Sometimes it would be easy to think that only bad things happen in the world . . . especially if you listen to certain politicians or are of the hyperpartisan sort.
And sometimes readers get irritated that bad news they think should be in the paper isn’t, or isn’t the information they want. An example of that would be the death last week of Kansas City Police Capt. Robert Melton. Melton, who was shot about 2 p.m. last Tuesday after responding to a call for backup following a chase of drive-by suspects, was pronounced dead shortly before 3 p.m. The following day we ran a brief story on his death. That wasn’t enough for one reader, though, who complained that we should have run a longer, more in-depth story.
The problem, though, is that not having reporters in Kansas City, we rely on the wire services for news outside the state. Had it been earlier in the day when Captain Melton died, it’s possible that the police would have released more information in time for the morning edition, but death doesn’t care about newspaper deadlines or the hunger for information fostered by 24/7 news and social media.
The day after Melton’s death, the Kansas City Star had virtually the same information about the shooting that we printed, and if the local paper didn’t have further information, there’s little reason to expect a non- local paper to have it.
Kansas City Mayor Mark Holland had urged the public not to jump to conclusions about Melton’s death, but people across the U.S. did just that. For that reason, it wouldn’t surprise me if the more detailed follow-up story, in which police reported that it wasn’t a planned ambush, didn’t get a rise out of people with an agenda who wanted to tie Melton’s death in with recent targeted attacks on policemen.
Police Chief Terry Zeigler told reporters Wednesday morning that “this crime does not fit the national narrative of planned attacks on law enforcement, but it does fit the narrative that words matter. The hate speech has to stop. Our blue line got a bit thinner yesterday with the death of Captain Melton.”
What should matter, as the chief said, are the words we use with each other, and in relating news, but in the new media landscape, all that seems to matter is inflaming the audience.
Which is likely why memes about people like Carolyn Gudger, an armed school resource officer in Tennessee who in 2010 held a gunman at bay until sheriff’s deputies arrived, get passed around so much on social media, maintaining that the mainstream media doesn’t cover stories like that (because that’s one of the NRA’s favorite talking points).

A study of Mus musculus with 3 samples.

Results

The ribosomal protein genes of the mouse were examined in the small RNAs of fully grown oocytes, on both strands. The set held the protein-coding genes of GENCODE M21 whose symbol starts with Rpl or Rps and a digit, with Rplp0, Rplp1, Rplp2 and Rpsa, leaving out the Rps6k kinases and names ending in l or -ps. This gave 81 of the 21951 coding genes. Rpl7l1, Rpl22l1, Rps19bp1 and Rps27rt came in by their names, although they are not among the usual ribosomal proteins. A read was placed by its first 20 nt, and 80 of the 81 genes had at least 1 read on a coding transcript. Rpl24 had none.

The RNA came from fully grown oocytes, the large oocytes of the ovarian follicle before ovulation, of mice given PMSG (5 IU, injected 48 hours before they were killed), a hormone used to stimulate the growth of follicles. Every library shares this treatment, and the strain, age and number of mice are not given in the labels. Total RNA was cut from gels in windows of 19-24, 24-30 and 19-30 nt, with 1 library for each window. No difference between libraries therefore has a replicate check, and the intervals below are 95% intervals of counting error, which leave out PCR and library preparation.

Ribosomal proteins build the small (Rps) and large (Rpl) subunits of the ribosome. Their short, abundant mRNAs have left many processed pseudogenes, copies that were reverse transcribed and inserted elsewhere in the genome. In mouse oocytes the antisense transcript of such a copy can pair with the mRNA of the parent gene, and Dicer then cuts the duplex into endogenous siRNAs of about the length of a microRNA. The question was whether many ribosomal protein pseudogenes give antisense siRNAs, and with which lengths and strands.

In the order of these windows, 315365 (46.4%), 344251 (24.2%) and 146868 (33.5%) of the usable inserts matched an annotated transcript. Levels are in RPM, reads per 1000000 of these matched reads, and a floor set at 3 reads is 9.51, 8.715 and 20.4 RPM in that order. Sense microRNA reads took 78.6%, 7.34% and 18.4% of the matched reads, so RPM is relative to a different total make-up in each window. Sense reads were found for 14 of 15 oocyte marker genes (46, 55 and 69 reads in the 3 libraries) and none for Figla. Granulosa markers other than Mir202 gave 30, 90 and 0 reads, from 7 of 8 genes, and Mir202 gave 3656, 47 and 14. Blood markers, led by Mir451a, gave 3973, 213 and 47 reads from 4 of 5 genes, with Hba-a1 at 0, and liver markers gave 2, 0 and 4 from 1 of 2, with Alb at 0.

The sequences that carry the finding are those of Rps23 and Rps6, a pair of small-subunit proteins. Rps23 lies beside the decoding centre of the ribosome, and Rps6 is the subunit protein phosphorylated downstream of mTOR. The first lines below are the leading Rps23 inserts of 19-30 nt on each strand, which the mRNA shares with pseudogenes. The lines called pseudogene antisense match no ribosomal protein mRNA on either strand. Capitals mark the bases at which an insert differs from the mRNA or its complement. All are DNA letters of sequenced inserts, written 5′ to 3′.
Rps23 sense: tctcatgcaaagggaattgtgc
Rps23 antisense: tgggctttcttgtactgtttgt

Except they do. It’s just local/statewide news, which unless the instance is horrific and affects more than a few people, it’s likely to stay that way. That’s the way news works. Every police call cannot be covered, nor should it be. In this instance, the gunman was killed by police and no one else was injured. It was rightly covered as a story mostly of local interest, though at least a few national outlets (including NBC) picked up the initial story. (Wait … NBC’s mainstream, right? Huh …)
CNN and other 24-hour cable networks helped feed the current hunger for information (especially that which confirms one’s own biases), starting with wall-to-wall coverage of the first Persian Gulf War, the O.J. Simpson trial and the Oklahoma City bombing. Of course, when you have to fill 24 hours, that means that some stories are covered to death while tiny stories end up much bigger than they deserve to be if they fit an agenda. Add in social media and the Internet, and you have people believing satire is real and that every terrible thing they’ve read about people they hate is absolutely true.
New York Magazine’s Science of Us blog asked Mary McNaughton-Cassill, a professor at the University of Texas at San Antonio and a leading researcher on the connection between media consumption and stress, about the effects of the never-ending flow of negative news. It reported:
“In addition to a burgeoning sense of helplessness, she said, cognitive shortcuts triggered by the news can also lead us to gradually see the world as a darker and darker place, chipping away at certain optimistic tendencies. McNaughton-Cassill’s research suggests that all things being equal, if you ask people, regardless of their circumstances, to evaluate what’s going around them—Do they think their neighbors are good people? Do they think the local schools are solid?—‘People always say yes in their immediate setting.’ Zoom out a little, though, and people have less to go on.”
The current media landscape has muddied the waters, especially when compared to the days of the Big Three. When you can get information at any time that confirms your biases while disregarding anything that doesn’t, it makes it that much harder for traditional media outlets to hold on to the standards of journalism.
And yet we do. Somebody has to.
OK, I think I need an intervention here. Maybe it’s the conventions, the heat, or maybe it’s the IBS flare-up I’ve been dealing with, but I’m finding it hard to find the funny.
Here’s hoping I’ll be back in a joking mood next week. Sheesh.